This week I thought I would write about something completely different. Having just returned to work after having a baby, I thought a post on the way tech companies can support women returning to work would be timely. Especially as women in tech is an issue that is being heavily debated globally.
As a new mum, I’ve really struggled with leaving my baby and have been very lucky in that I’m able to be flexible both in my work location and hours. It got me thinking about what companies could do to support current employees return to work and attract more women to their organisations.
One of the biggest things an organisation could do, in my opinion, is to offer truly flexible working. By that, I mean allowing people to work from home and/or set their own hours.
In this day and age with all of the technology available there should be less focus on presenteeism and more focus on actual work achieved.
For example, here at Psoda we have one of our dev team who works mainly at night – she can be found coding at 2 am most days. Just don’t expect her to be around at 8 am. We don’t care because we know that the work will be done to an excellent standard and if we do need her to be available for a day-time meeting we just need to give her a heads up the day before so she can adjust her work day accordingly.
Another area that should be looked at is the benefits package. For lots of parents one of their biggest costs is childcare. If companies were able to offer childcare vouchers, or an onsite nursery or crèche that would go a long way towards making their workplace more attractive.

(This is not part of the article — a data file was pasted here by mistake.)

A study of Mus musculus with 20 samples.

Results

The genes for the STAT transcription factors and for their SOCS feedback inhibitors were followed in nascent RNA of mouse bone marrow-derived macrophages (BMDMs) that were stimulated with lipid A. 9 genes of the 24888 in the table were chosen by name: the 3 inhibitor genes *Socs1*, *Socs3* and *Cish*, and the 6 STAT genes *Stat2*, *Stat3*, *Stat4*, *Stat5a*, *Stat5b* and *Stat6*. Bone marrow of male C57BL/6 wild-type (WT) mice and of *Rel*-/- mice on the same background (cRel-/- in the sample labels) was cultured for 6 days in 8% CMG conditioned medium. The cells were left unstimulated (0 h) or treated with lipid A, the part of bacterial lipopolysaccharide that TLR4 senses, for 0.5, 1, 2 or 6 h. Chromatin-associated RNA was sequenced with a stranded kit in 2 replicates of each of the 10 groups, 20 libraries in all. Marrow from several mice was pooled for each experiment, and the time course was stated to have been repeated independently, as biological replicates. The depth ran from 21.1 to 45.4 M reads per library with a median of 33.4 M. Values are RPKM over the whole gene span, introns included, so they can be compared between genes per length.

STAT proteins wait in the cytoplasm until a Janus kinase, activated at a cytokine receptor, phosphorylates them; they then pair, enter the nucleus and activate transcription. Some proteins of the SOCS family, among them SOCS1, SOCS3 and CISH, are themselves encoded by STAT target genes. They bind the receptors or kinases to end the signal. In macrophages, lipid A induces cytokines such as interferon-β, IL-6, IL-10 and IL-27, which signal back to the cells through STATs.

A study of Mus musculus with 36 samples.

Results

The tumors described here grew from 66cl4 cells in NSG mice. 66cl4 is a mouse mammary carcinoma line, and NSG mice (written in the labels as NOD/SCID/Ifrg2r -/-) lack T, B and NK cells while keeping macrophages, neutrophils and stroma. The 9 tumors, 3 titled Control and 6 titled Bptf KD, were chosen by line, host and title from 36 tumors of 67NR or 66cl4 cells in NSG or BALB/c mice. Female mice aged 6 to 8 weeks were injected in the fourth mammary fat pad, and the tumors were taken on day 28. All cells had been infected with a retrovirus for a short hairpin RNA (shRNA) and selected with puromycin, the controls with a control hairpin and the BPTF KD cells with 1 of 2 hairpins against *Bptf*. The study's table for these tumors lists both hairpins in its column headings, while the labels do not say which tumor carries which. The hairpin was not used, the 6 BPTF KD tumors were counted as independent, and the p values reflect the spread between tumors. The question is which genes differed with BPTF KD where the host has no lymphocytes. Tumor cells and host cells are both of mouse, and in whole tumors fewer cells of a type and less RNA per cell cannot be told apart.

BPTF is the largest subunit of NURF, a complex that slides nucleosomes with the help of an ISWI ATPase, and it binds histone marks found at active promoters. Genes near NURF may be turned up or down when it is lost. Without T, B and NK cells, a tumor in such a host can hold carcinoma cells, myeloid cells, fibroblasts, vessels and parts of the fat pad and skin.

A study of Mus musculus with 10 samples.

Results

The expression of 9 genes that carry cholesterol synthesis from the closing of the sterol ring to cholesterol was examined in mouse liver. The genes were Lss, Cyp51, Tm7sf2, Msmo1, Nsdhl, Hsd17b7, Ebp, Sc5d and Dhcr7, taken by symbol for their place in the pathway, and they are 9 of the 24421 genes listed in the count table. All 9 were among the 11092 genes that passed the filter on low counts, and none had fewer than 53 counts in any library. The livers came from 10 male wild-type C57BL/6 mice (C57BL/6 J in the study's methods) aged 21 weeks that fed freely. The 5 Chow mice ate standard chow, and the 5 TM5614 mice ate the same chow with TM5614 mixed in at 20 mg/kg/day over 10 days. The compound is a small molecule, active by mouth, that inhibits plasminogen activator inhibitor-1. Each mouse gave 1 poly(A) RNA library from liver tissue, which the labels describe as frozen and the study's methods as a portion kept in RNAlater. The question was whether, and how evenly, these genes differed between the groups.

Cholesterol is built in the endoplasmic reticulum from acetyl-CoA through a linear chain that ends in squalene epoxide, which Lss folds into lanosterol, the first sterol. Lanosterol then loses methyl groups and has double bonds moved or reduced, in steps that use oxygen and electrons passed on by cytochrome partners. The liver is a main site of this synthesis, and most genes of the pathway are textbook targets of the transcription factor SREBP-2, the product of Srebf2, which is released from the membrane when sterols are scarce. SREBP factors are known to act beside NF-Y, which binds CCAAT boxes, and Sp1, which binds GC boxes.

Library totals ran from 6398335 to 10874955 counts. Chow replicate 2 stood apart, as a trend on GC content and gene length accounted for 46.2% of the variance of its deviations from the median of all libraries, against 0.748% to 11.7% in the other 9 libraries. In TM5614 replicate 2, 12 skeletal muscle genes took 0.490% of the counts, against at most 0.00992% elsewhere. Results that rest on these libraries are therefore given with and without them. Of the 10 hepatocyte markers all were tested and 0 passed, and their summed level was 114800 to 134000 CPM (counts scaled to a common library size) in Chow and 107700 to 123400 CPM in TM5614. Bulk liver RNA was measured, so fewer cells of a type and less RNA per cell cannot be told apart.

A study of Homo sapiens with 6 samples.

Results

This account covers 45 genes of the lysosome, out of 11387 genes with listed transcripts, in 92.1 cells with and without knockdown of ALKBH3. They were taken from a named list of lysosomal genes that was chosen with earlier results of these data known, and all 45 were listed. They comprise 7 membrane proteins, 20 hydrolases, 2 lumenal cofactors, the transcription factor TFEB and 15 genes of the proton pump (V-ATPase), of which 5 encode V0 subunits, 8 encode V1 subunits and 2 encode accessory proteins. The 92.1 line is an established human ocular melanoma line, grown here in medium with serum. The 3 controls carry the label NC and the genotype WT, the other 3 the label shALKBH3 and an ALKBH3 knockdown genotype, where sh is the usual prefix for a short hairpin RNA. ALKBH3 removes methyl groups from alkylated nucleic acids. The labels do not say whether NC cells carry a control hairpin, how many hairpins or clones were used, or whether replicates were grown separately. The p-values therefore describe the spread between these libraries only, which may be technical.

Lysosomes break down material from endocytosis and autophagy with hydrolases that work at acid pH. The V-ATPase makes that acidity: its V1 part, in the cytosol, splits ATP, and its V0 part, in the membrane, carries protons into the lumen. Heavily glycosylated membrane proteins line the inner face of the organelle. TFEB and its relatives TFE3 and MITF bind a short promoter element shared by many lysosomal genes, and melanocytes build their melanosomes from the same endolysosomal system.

My baby is the first new member of the Psoda team to be born but as our junior squad grows we’re looking at putting in an on-site nursery for our staff.
Paid parental leave is something that organisations should definitely consider. It’s much harder for small businesses to offer this but it is something that will go a long way towards helping staff retention. Here in New Zealand, we are currently entitled to 16 weeks paid paternity leave with a maximum payment of approximately $500 per week and this can be split between both parents. I couldn’t contemplate going back to work at 16 weeks and $500 does not go far. Again, I was lucky that my employer let me start back after 20 weeks and topped up my parental leave.
Include new dads
My last suggestion is that companies make any benefits that they offer new mums available to new dads as well. After all, they have become parents too and more often than not would like to be just as involved with their children as their partners. By giving dads the same opportunities as mums it will go a long way towards redressing the balance of mothers having to take time out of their careers to support children while the dads continue to work.